The Tokyo Aquatics Centre in Tokyo, Japan, August 2021. (Clodagh Kilcoyne / Reuters)

The University of Pennsylvania is weighing whether to pursue legal action if transgender swimmer Lia Thomas is prohibited from competing in the upcoming NCAA women’s swimming championship, according to a report.

A swimmer on the university’s women’s team told Fox News, ““I have a feeling that if USA Swimming changes their rules, they will be filing a lawsuit for Lia to swim, but they wouldn’t do that for us.”

“That’s just really upsetting,” the swimmer told the outlet under the condition of anonymity, adding that she had heard about the potential lawsuit that from “some of the administrators.”

Thomas is eligible to compete on the women’s team under current USA Swimming rules that require a year of testosterone suppression. Under new NCAA rules, transgender athletes will be required to document testosterone levels to remain eligible, leaving Thomas’ eligibility for the NCAA women’s championships up in the air.

The NCAA announced earlier this week that it had updated its transgender-participation policy to reflect the practices of the U.S. and International Olympic Committees. Under the new policy, transgender participation in a particular sport will be determined by that sport’s national governing body. If no such governing body exists, participation will be determined by the sport’s international federation rules. In the event that an international federation has no transgender policy, the American branch of a particular sport will follow the IOC policy.

The new NCAA policy says that, by March, “Transgender student-athletes will need to document sport-specific testosterone levels beginning four weeks before their sport’s championship selections. Starting with the 2022-23 academic year, transgender student-athletes will need documented levels at the beginning of their season and a second documentation six months after the first. They will also need documented testosterone levels four weeks before championship selections. Full implementation would begin with the 2023-24 academic year.”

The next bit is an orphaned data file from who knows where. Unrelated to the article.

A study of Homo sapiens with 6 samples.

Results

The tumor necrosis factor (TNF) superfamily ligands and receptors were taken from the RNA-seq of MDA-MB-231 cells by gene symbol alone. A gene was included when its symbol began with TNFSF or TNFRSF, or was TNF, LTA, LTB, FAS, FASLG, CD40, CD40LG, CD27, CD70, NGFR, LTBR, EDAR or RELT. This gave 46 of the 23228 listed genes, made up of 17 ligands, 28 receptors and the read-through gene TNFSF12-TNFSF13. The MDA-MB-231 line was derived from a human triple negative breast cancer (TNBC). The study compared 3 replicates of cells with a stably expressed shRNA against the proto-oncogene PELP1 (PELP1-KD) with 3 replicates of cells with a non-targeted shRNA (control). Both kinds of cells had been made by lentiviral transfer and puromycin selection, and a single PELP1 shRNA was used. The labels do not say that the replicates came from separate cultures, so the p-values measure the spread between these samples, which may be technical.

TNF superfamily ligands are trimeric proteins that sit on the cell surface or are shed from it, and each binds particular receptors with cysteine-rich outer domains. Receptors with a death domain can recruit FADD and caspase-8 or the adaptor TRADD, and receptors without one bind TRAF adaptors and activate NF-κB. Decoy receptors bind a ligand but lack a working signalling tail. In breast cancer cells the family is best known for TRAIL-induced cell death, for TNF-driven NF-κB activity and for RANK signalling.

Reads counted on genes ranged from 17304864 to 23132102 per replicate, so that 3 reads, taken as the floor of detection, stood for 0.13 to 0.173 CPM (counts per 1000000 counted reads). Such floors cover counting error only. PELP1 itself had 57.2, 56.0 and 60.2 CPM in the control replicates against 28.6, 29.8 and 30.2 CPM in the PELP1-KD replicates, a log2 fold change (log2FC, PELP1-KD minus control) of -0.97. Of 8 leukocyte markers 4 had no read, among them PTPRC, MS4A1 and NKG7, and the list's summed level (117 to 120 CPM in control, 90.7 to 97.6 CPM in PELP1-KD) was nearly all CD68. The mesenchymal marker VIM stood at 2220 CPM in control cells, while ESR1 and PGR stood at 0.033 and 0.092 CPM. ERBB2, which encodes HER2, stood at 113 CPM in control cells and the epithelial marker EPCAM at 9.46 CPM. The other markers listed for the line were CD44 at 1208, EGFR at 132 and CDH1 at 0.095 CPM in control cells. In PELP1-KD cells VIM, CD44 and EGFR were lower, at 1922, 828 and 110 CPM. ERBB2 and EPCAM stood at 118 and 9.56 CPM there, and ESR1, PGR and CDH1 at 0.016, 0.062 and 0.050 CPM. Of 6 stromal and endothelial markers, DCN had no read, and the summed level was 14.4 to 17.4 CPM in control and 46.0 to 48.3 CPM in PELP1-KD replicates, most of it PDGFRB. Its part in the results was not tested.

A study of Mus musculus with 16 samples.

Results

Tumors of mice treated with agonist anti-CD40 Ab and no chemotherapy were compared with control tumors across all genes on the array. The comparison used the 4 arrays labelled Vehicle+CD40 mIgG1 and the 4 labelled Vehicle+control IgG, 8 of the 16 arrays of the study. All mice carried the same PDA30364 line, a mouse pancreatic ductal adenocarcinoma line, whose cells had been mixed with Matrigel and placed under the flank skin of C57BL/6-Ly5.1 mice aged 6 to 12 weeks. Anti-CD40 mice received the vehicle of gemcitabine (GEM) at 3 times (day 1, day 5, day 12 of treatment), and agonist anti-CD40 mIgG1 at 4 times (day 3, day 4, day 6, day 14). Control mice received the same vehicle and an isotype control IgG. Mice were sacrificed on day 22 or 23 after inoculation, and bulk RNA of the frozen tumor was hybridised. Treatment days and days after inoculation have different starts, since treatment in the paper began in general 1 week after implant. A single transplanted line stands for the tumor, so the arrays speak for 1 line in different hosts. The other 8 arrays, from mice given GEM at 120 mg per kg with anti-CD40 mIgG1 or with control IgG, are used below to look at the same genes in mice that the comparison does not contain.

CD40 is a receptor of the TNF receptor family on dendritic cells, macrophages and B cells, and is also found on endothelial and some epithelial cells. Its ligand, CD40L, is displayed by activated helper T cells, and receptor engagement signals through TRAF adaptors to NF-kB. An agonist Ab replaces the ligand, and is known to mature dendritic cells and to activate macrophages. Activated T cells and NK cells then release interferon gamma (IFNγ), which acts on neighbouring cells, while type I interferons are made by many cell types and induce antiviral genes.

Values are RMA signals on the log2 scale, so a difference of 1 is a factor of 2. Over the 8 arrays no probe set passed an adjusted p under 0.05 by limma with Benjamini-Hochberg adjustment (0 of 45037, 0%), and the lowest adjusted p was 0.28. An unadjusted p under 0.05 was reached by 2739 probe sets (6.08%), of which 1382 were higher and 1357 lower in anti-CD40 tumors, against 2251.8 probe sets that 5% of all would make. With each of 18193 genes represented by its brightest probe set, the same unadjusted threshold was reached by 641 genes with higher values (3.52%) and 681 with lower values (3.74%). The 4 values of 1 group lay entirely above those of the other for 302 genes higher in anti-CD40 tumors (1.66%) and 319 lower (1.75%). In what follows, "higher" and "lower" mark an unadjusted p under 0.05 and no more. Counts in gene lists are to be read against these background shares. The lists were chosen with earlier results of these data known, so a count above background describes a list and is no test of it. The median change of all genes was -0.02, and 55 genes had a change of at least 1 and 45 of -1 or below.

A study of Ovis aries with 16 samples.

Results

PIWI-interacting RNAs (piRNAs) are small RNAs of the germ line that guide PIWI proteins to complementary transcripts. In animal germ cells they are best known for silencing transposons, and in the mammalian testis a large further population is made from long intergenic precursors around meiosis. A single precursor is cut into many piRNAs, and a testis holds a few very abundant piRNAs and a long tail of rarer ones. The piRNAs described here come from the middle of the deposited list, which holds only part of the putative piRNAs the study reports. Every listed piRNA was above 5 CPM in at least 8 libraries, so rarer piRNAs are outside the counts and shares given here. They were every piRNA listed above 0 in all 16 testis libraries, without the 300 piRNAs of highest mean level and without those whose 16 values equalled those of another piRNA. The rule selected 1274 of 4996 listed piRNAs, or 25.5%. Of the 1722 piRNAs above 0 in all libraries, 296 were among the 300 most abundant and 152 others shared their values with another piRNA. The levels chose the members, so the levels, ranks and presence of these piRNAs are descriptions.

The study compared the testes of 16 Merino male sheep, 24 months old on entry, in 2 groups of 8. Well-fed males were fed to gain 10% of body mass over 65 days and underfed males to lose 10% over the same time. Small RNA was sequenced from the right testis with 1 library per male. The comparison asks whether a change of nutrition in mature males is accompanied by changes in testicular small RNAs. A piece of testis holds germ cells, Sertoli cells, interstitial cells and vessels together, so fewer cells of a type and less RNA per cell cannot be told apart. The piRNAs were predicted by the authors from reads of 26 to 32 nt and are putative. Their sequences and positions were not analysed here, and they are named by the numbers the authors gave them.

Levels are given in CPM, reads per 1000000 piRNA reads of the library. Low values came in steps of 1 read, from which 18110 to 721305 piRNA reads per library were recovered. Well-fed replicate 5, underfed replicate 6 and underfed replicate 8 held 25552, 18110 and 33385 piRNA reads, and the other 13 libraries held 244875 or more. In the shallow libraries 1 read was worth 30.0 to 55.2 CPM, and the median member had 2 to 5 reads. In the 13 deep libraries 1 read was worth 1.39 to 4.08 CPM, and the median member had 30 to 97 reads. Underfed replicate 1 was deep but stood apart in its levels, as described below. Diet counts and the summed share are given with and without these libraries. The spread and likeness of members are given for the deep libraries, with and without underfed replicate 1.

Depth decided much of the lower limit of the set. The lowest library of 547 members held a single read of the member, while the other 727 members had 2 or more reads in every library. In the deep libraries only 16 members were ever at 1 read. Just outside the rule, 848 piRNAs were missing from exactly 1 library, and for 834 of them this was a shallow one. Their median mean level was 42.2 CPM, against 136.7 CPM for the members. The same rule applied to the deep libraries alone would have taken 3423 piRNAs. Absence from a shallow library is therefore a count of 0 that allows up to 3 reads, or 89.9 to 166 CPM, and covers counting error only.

The University of Pennsylvania swimmer told Fox News the change makes her “a little bit more hopeful” because the swimmers “kind of realize that it’s not just testosterone levels.”

“It’s testosterone levels from the last 20 years and how that affected, you know, the fact that [Thomas] went through male puberty and the way that built her heart and lungs and her hands and the way she circulates blood and the lactic acid and all that stuff.”

“Stuff that – it’s not just the difference between two girls and how one might have slightly larger lungs and that gives them a slight advantage,” she added. “These are monumental advantages that biological males just develop through puberty, and it’s not something that a year of [hormone treatments] can suppress because they still have all the muscle mass they had from the last 20 years.”

The swimmer went on to slam how the University of Pennsylvania has handled the situation.

“They’re just proving, once again, that they don’t actually care about their women athletes,” the swimmer said. “They say that they care and that they’re here for our emotions, but why do we have to be gracious losers? . . .  Who are you to tell me that I shouldn’t want to win because I do want to win. I’m swimming. I’m dedicating more than 20 hours a week to the sport. 

She continued: “Obviously, I want to win. You can’t just tell me I should be happy with second place. I’m not. And these people in Penn’s administrative department who just think that women should just roll over — it’s disturbing, and it’s reminiscent of the 1970s when they were fighting for Title IX and stuff like that. They don’t actually care about women at all.”